DENVER — All college sports programs are chasing the same goal.
No, it's money.
Colorado's 11 public universities and colleges have 192 sports programs, and only two make money.
The 11 universities and college are:
- Colorado State University (CSU)
- University of Colorado – Boulder (CU)
- University of Northern Colorado (UNC)
- Adams State University
- Colorado School of Mines
- Colorado State University – Pueblo
- Colorado Mesa University
- Fort Lewis College
- Metropolitan State University of Denver
- University of Colorado – Colorado Springs
- Western Colorado University
A recent audit detailed the revenue and expenses of Colorado’s public Division I and Division II schools.
Only football and men’s basketball at the University of Colorado generate more money than it costs to operate.
So, how do the other 190 stay in business?
Depends on the size of the university.
“The biggest one is student fees. The second one would be direct support from the university, so that’s money generally coming from tuition, and then the other is money from donors coming from the Mines Foundation,” said Colorado School of Mines assistant athletic director Tim Flynn.
At Division II schools, like the Colorado School of Mines, students fund athletics through fees and tuition.
The Orediggers football team made it to the Division II championship last year.
"It was the greatest day in Mines football history, Mines athletics history, when we won that home semifinal game to make the national championship game,” Flynn said.
The team did not win, but it did not matter, the program was going to lose money anyway.
“When we talk about revenue at our level in Division II, mainly what we’re talking about are ticket sales and sponsorships,” Flynn said.
In 2021-22, the most recent year that data has been filed, Mines football generated almost $297,000.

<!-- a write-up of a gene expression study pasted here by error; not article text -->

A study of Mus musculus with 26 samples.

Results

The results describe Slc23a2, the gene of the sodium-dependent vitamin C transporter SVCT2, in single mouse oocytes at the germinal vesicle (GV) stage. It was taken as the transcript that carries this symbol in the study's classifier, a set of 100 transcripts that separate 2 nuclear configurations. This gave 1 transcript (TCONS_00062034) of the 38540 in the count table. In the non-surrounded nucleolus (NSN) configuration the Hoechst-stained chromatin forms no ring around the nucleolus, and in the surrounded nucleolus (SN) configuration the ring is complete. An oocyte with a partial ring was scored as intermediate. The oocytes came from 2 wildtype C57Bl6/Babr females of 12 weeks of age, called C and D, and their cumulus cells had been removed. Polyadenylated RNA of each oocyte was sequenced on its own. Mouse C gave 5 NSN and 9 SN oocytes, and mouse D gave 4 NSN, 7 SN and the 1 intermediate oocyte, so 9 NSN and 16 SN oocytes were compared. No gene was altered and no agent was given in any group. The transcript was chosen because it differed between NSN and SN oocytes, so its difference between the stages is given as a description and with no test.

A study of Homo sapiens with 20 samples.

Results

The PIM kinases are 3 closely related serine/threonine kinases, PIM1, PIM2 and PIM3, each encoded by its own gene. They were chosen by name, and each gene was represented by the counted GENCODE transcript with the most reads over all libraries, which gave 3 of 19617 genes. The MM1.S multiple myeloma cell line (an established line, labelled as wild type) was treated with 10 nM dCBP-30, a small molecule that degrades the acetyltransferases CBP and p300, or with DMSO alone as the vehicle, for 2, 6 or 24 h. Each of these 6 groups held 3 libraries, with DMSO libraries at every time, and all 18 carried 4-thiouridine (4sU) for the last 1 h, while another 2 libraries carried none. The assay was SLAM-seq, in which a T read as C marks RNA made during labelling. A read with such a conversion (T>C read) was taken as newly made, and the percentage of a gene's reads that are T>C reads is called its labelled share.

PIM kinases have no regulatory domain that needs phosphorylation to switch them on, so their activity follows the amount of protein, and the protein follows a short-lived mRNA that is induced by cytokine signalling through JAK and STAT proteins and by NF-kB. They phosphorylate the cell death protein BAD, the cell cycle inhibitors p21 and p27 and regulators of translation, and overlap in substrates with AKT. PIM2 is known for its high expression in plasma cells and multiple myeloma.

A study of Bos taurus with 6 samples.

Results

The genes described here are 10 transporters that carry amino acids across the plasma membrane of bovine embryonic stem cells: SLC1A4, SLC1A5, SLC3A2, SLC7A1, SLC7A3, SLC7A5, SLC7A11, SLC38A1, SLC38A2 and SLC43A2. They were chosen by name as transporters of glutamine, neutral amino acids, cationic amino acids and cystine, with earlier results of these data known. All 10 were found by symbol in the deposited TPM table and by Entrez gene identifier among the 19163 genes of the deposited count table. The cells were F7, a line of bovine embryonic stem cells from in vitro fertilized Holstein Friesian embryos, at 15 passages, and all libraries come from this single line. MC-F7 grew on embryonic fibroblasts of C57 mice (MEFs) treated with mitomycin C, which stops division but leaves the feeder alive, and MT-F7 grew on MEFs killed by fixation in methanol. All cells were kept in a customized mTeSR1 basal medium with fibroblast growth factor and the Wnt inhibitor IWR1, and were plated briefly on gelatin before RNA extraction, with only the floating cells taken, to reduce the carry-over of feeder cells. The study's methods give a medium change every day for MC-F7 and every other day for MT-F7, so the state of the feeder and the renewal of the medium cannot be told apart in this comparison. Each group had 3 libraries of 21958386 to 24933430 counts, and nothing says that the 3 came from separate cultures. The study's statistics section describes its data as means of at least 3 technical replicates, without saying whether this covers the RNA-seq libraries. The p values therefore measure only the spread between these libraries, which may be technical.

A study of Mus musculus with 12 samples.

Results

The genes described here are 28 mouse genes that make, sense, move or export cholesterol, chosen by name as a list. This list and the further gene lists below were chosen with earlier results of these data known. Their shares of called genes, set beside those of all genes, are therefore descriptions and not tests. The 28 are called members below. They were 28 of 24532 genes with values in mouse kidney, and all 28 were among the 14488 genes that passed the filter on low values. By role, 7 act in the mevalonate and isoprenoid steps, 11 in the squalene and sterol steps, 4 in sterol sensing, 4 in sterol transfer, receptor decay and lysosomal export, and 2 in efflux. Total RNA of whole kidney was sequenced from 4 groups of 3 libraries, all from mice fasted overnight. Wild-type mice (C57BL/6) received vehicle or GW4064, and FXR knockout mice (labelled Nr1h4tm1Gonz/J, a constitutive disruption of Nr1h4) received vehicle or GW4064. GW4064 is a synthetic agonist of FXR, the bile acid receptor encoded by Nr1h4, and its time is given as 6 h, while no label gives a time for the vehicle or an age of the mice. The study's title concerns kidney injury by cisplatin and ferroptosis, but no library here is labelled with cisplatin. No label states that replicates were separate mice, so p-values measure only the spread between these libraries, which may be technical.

The football team’s expenses, however, totaled $2.5 million.
“As we’ve seen with realignment, that is a hot topic, is media rights money. We don’t generate that and that’s tens of millions of dollars to a school like the University of Colorado or Colorado State,” Flynn said.
In 2021-22, CSU received $3.2 million in media rights money.
CU received $18 million, which is expected to increase next year when the school joins the Big 12.
CU football in 2021-22 finished the season 4-8, yet still made $22 million. Data will be available later this year for the 2022-23 season that ended 1-11.
Two seasons ago, CU men’s basketball, which lost in the first round of the NIT, earned $1 million.
Those were the only two athletics programs that made money.
Programs like CU women’s soccer and men’s and women’s track and field are, essentially, funded by the football team, as well as donors and some federal work-study money.
Student fees cover 1.5% of the CU athletic budget: $28.50 a semester per student.
Student fees cover about 10% of the CSU athletic budget, and about 10% of the Colorado School of Mines athletic budget.
“For many schools, not necessarily Mines, but for many schools, athletics is an enrollment driver. You want those tuition dollars coming in the door and athletics helps you achieve that goal,” Flynn said. “Schools in Division II and Division III can’t afford to run huge deficits in athletics.”
Marv Kay Stadium at the Colorado School of Mines cost $26 million. It was paid for by donors. That is how a team that lost millions could afford a new stadium.